SALT LAKE CITY (AP) - Utah's campus gun laws are in the spotlight after a feminist speaker canceled a speech at Utah State University once she learned the school would allow concealed firearms despite an anonymous threat to kill her and others in a mass shooting.
SALT LAKE CITY (AP) — Utah's campus gun laws are in the spotlight after a feminist speaker canceled a speech at Utah State University once she learned the school would allow concealed firearms despite an anonymous threat to kill her and others in a mass shooting.
School officials in Logan were set to go ahead with the event with extra police after consulting with federal and state law enforcement who told them the threat was consistent with ones Anita Sarkeesian receives when she gives speeches elsewhere.
But Sarkeesian, a well-known critic of the portrayal of women in video games, pulled out Tuesday night after learning from university officials that Utah law prohibits colleges from taking away concealed weapons from valid permit holders. Utah is the only state in the country with such a law.
"It's sort of mindboggling to me that they couldn't take efforts to make sure there were no guns in an auditorium that was threatened with guns and a mass shooting," Sarkeesian told The Associated Press. "I don't understand how they could be so cut and dry about it."
On Wednesday — as law enforcement tried to track down who made the threat — Utah State University officials defended the measures they were set to take for the Wednesday event amid criticisms from Sarkeesian.
"We feel that security would have been sufficient," spokesman Tim Vitale said. The university had planned to prohibit people from entering the 350-seat venue with backpacks and add extra officers in both uniform and plainclothes, he said.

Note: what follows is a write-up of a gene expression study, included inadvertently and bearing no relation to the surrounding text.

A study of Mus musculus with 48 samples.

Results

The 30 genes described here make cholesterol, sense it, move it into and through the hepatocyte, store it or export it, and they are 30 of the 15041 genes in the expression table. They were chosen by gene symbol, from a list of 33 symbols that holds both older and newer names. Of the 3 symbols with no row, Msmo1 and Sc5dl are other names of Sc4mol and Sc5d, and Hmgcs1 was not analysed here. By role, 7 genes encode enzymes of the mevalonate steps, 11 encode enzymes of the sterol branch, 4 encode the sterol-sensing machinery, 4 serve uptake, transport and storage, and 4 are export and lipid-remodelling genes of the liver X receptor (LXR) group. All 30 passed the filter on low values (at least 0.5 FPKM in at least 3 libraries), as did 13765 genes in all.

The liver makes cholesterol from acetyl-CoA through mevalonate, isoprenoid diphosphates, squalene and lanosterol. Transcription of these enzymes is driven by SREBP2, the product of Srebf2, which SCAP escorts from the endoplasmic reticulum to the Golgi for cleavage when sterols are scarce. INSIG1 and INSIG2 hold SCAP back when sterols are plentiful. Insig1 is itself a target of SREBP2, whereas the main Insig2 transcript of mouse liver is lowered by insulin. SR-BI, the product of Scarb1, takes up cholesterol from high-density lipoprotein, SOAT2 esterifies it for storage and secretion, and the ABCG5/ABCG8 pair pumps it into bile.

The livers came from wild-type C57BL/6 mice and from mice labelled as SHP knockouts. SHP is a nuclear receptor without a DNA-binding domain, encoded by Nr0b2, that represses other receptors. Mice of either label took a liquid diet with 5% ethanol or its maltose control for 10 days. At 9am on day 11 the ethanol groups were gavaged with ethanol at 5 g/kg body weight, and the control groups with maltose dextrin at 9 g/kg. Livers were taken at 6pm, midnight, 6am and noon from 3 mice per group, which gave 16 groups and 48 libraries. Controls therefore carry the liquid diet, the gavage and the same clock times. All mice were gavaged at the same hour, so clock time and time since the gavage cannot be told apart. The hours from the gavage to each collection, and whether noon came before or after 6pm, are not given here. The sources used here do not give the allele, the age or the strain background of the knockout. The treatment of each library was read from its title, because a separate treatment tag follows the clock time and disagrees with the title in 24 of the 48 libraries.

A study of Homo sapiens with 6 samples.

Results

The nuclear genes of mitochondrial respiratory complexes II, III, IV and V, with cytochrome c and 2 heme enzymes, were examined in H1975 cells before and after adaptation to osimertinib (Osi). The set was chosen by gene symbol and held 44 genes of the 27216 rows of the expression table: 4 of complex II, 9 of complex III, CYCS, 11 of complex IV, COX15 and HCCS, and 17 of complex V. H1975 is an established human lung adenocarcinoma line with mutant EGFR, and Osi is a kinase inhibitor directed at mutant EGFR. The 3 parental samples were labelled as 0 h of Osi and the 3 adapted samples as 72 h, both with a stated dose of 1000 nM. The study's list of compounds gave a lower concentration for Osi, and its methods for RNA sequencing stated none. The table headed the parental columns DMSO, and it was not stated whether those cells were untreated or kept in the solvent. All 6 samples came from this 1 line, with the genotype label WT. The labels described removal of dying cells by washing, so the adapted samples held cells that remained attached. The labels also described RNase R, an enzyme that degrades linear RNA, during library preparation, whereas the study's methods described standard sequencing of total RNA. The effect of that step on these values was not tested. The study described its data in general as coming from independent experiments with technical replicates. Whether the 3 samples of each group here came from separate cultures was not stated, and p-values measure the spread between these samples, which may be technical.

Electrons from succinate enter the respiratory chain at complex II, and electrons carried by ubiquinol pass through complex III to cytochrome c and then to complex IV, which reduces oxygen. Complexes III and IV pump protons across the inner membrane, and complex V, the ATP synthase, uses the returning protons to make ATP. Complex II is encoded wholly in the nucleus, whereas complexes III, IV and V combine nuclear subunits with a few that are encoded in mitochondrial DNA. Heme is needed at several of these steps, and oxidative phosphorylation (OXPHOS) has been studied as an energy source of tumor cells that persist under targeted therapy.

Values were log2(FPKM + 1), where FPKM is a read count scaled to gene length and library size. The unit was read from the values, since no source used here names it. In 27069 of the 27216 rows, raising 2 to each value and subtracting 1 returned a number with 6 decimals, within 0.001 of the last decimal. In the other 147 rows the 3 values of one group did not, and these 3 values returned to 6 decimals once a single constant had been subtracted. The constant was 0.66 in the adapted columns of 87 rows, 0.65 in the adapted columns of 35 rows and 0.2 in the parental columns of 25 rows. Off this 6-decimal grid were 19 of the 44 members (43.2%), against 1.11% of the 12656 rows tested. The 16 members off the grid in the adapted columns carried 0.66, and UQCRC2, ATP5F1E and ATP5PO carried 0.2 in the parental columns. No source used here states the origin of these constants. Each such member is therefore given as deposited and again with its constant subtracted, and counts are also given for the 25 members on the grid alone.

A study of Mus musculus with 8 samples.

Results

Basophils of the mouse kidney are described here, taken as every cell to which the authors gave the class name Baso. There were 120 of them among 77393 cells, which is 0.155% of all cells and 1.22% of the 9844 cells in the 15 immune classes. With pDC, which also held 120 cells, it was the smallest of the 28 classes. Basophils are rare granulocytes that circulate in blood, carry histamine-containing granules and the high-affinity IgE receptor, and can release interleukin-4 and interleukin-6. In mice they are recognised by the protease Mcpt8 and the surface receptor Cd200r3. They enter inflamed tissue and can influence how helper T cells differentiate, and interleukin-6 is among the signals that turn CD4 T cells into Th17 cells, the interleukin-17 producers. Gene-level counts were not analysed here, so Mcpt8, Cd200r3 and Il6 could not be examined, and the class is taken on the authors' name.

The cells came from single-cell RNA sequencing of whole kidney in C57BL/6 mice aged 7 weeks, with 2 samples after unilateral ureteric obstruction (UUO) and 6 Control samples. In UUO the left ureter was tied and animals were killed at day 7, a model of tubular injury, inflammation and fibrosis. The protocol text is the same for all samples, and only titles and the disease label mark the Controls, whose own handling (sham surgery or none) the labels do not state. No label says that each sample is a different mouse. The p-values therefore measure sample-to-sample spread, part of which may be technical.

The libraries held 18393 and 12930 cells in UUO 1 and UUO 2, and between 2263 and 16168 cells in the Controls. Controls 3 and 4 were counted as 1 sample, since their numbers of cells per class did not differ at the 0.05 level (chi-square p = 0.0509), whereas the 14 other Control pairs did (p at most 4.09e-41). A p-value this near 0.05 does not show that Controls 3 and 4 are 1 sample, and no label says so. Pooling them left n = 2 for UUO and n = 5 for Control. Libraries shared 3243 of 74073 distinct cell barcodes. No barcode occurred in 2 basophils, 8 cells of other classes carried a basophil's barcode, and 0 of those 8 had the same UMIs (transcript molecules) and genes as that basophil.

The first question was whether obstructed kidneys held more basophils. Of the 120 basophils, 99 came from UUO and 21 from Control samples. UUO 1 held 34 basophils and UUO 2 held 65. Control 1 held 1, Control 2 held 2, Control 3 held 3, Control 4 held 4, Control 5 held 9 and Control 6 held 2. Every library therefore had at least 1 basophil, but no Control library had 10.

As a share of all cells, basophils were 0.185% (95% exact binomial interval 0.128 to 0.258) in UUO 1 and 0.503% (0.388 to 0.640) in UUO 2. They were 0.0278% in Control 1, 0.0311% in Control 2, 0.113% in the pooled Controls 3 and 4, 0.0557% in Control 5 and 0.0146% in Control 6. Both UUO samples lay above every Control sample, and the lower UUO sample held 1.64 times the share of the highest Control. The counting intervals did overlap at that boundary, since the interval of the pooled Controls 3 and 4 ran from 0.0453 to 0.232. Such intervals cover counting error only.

One state lawmaker who has been vocal about gun rights defended the law.
"I think she's overreacting," said Curt Oda, a Republican from the northern Utah city of Clearfield. "I hope they catch him, and I hope they throw the book at him. But as far as permit-holders, they're not the problem."
Utah is one of seven states that allow concealed carry on college campuses, along with Colorado, Kansas, Mississippi, Oregon, Idaho and Wisconsin, according to the National Conference of State Legislatures.
Democratic state lawmaker Carol Spackman Moss worries this incident may lead to other high-profile and controversial speakers declining invitations to speak at college campuses in the state. She would like to change the law that stops colleges from barring concealed weapon carriers at events, but she said a measure like that would never get anywhere in Utah's Republican-dominated legislature.
Sarkeesian, meanwhile, said she was disappointed and frustrated that she wouldn't be able to speak and called the situation ludicrous. "It was a threat about a school shooting that used very specific statements about the types of guns — and it's unacceptable," she said.
The threat was sent Monday night via email to dozens of university staffers by a person claiming to have rifles, pistols and pipe bombs and vowing to kill feminists on campus, according to an email provided by Utah State.
"This will be the deadliest school shooting in American history," it reads, and later, "Anita Sarkeesian is everything wrong with the feminist woman I will write my manifesto in her spilled blood, and you will all bear witness to what feminist lies and poison have done to the men of America."
The sender claimed to be a student. But investigators don't believe the student among the nearly 28,000 enrolled at Utah State, which is about 80 miles north of Salt Lake City in Logan.
On Wednesday, more than 75 students protested outside where the speech would have been held. Mikaila Young, a 19-year-old junior from Idaho, said she and others are disappointed they were unable to hear from Sarkeesian about her views on how women are portrayed only as damsels in distress or background decoration in many video games.
"We all look up to Anita," said Young, who hopes to work in the video-game industry. "She's a big hero not only in the video-game industry, but in the feminist world."
Associated Press writer Brady McCombs contributed to the report.